JACKSONVILLE – We move on today to the rookies.
2014 Jaguars Training Camp approaches and we at jaguars.com are taking a look at camp storylines around the roster that will influence the season – and the future. And while it likely will take time for the ’14 rookie class to make its full impact, the players in the class certainly will be under the microscope when training camp opens on July 25.
The 2014 draft class is Jaguars General Manager David Caldwell’s second since joining the organization in the 2013 offseason. It is a group that likely eventually will be more high-profile than his first class, including as it does a first-round quarterback and two second-round wide receivers.
Early-drafted skill players raise a rookie class’ profile, and that doubtless will be the case this year.
But that doesn’t necessarily mean immediate on-field impact, and in the case of this year’s draft class, the full impact likely will come later rather than sooner. Quarterback Blake Bortles is expected to begin the season as a reserve behind starter Chad Henne, and fourth-round cornerback Aaron Colvin is expected to begin training camp and the regular season on the Physically Unable to Perform list.
Bortles and Colvin are expected to be starters sooner rather than later, but not immediately, so the ’14 class without question had more of a futuristic feel than the previous year’s. Much of the ’13 class, drafted in the first year of the building process, played immediately. Caldwell said ideally that will happen less as the roster grows deeper and stronger, though there certainly will be rookies from the 2014 class who play – and perhaps start – immediately.
A look at five rookies from the 2014 draft class to watch when training camp begins:
1) Blake Bortles, quarterback. This is very much a futuristic entry, though it’s no doubt an important one. Despite outside speculation and disbelief, Bortles – the No. 3 overall selection in the 2014 NFL Draft from the University of Central Florida – is not expected to start entering training camp. Bortles may not start at all this season, with the idea being for him to work behind starter Chad Henne and start when he’s ready. Bortles will continues the process he followed during training camp, working to solidify footwork and fundamentals and also working to learn the Jaguars’ offense. Bortles looked very much like a rookie at times in the offseason, with some well-documented difficult practices as well as a significant number in which he showed progress. It’s reasonable to think that will continue in training camp. That’s what being a rookie is about, and it’s why the Jaguars aren’t pressuring him to start immediately.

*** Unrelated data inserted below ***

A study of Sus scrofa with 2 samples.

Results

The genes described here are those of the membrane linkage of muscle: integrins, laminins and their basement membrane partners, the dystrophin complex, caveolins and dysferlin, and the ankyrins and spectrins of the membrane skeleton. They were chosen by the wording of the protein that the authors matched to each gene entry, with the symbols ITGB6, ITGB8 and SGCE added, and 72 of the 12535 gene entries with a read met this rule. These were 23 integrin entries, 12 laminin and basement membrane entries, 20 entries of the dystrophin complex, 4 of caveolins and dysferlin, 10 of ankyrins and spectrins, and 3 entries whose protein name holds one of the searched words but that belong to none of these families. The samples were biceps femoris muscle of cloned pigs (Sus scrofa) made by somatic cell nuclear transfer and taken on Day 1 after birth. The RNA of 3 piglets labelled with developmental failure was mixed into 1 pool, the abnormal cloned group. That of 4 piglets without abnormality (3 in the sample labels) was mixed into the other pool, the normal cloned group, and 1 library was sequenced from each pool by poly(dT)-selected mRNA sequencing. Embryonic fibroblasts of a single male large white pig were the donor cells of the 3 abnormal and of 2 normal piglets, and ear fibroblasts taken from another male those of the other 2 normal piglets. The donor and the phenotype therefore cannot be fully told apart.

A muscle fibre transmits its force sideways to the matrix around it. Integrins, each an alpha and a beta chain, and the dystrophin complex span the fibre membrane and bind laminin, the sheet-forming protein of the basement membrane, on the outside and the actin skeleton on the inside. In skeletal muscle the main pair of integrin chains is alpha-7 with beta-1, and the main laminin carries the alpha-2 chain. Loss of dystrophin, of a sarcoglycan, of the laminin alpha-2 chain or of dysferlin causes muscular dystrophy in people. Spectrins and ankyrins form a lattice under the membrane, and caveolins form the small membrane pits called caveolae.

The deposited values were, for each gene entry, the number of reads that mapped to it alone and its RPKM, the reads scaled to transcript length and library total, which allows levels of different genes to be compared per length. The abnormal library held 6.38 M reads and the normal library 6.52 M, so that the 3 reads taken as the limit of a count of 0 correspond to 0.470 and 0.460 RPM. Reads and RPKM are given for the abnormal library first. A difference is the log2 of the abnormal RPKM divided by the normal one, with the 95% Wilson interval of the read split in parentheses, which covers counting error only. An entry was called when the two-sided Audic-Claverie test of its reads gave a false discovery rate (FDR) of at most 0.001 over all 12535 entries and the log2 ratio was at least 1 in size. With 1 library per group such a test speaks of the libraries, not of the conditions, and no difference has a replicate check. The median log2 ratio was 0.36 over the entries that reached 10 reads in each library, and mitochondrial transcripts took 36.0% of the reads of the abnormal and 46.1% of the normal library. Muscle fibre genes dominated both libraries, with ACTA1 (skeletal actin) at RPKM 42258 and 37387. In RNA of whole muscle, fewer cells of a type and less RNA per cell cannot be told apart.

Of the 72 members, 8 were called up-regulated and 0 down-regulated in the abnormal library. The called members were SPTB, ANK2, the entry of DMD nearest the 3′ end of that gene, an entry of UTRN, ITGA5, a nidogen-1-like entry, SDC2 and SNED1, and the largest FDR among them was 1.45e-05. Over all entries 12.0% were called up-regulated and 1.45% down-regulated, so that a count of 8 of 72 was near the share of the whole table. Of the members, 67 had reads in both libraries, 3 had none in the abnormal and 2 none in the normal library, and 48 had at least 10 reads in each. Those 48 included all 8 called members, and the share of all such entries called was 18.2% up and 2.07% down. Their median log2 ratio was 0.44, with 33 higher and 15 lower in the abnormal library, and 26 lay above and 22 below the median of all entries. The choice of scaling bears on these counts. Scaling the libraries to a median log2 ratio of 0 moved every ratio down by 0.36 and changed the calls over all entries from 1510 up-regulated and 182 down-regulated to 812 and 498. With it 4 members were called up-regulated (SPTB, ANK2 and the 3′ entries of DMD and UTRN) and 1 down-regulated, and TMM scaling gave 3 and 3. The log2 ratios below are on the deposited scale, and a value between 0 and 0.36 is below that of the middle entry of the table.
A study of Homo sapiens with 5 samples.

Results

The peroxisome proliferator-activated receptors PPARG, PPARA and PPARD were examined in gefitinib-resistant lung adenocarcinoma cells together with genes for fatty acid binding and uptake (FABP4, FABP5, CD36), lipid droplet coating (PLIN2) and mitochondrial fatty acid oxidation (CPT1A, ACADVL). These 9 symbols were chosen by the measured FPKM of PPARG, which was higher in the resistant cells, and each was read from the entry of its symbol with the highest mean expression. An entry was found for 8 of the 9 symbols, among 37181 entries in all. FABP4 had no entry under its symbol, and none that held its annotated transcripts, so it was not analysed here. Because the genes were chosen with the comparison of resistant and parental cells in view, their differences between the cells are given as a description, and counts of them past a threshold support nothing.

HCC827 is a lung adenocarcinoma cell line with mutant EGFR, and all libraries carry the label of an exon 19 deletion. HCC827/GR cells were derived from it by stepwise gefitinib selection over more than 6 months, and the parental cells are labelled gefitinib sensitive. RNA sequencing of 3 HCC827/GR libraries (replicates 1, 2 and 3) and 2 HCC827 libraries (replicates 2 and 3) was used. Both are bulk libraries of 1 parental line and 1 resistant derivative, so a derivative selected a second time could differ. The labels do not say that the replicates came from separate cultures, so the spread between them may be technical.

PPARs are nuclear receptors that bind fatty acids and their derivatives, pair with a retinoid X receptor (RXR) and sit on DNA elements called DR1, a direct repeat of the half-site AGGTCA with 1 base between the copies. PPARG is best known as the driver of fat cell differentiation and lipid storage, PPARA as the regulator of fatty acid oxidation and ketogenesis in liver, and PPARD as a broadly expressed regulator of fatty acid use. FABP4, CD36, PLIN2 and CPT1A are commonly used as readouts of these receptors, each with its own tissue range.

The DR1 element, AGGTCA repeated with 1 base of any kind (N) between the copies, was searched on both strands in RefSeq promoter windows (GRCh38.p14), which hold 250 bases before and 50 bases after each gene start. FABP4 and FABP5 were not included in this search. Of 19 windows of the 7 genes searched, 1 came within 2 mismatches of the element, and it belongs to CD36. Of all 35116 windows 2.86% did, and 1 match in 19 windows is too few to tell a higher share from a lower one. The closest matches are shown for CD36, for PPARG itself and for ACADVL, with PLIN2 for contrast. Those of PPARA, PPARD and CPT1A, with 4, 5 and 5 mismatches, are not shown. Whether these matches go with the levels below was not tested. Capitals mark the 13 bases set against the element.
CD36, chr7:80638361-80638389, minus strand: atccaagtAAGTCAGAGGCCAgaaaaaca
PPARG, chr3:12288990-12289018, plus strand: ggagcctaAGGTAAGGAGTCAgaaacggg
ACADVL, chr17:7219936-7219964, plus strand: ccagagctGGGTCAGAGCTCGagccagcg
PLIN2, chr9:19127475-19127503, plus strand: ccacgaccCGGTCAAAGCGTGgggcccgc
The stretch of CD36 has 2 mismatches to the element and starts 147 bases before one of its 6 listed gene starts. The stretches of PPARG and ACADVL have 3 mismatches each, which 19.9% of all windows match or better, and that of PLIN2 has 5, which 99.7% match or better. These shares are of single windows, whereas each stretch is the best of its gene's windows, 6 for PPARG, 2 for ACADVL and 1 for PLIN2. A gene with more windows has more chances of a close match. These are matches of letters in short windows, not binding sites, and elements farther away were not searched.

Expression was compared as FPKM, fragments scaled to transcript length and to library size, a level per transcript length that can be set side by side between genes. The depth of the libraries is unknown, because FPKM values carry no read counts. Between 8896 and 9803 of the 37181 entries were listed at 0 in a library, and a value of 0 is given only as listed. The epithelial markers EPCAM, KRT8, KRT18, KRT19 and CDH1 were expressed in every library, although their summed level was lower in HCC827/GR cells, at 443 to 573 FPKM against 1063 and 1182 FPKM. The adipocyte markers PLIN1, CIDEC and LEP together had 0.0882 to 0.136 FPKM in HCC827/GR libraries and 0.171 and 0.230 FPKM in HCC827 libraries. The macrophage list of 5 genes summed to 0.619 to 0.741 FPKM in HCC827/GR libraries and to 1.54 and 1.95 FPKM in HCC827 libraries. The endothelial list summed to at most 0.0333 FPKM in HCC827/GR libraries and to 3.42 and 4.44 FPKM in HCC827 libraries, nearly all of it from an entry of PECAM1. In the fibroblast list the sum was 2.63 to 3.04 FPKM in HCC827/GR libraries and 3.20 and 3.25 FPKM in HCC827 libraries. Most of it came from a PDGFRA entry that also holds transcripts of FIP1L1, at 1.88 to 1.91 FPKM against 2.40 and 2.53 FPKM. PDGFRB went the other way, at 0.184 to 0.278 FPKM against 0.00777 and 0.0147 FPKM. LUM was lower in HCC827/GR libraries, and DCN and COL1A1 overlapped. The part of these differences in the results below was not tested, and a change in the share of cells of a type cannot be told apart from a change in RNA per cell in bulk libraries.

2) Marqise Lee, wide receiver. The first of the Jaguars’ two second-round 2014 draft selections, Lee has yet to sign his rookie contract, but the NFL’s rookie wage scale should prevent that issue from lingering into training camp. A bigger issue for Lee – who played collegiately at Southern California – is how rapidly he will be able to learn the offense, and adjust to route-running and the intricacies needed to be a successful receiver at the NFL level. Lee – who missed most of the Jaguars’ on-field offseason work with an ankle injury – eventually is expected to be the dynamic, big-play wide receiver the Jaguars’ offense often has lacked in recent seasons. But the receiver position is one where development requires time. Look for Lee to get a steady dose of wide receiver coach Jerry Sullivan when training camp opens.
3) Allen Robinson, wide receiver. We didn’t copy and paste the above entry here, but we could have come close. Many of the issues facing Lee will face Robinson, the second of the Jaguars’ two second-round selections. Robinson, who played at Penn State, missed much of the Jaguars’ on-field offseason work with a hamstring injury, though he was impressive during his brief time on the field during the team’s two-day rookie camp. Robinson showed natural hands, and caught the ball well and he appears to have the size to be an ideal complement to Lee’s game-breaking ability. But as is the case with Lee, learning the details necessary to be a successful receiver takes time. Robinson will hear more than his share of Sullivan’s voice in late July and early August, too.
4) Brandon Linder, offensive guard. We’ll probably cover Linder pretty extensively when we start previewing position battles, because he figures to be a focal point of a big one – maybe even The Big One. The Jaguars traded up in the third round to select Linder, in part because guards capable of starting early were coming off the board fast. The team also released Will Rackley, a 2011 third-round draft choice who started 11 games last season, shortly after Linder’s selection. He will compete with veteran Jacques McClendon at the right guard position in training camp, but it’s hard to project anything other than Linder starting significantly sooner rather than later.
5) Telvin Smith, linebacker. If there was a standout rookie on defense during the on-field portion of the Jaguars’ offseason, Smith may have been it. Smith showed good quickness, speed and pursuit to the ball. He is a confident, active player whose athleticism stands out quickly. The issues for Smith are size and experience. He likely needs to put weight on his 6-feet-3, 218-pound frame, and he may need seasoning before he’s ready to start, but it’s not hard to imagine Smith in the long-term as a playmaking outside linebacker opposite the new “Otto” position in Jaguars Head Coach Gus Bradley’s defense.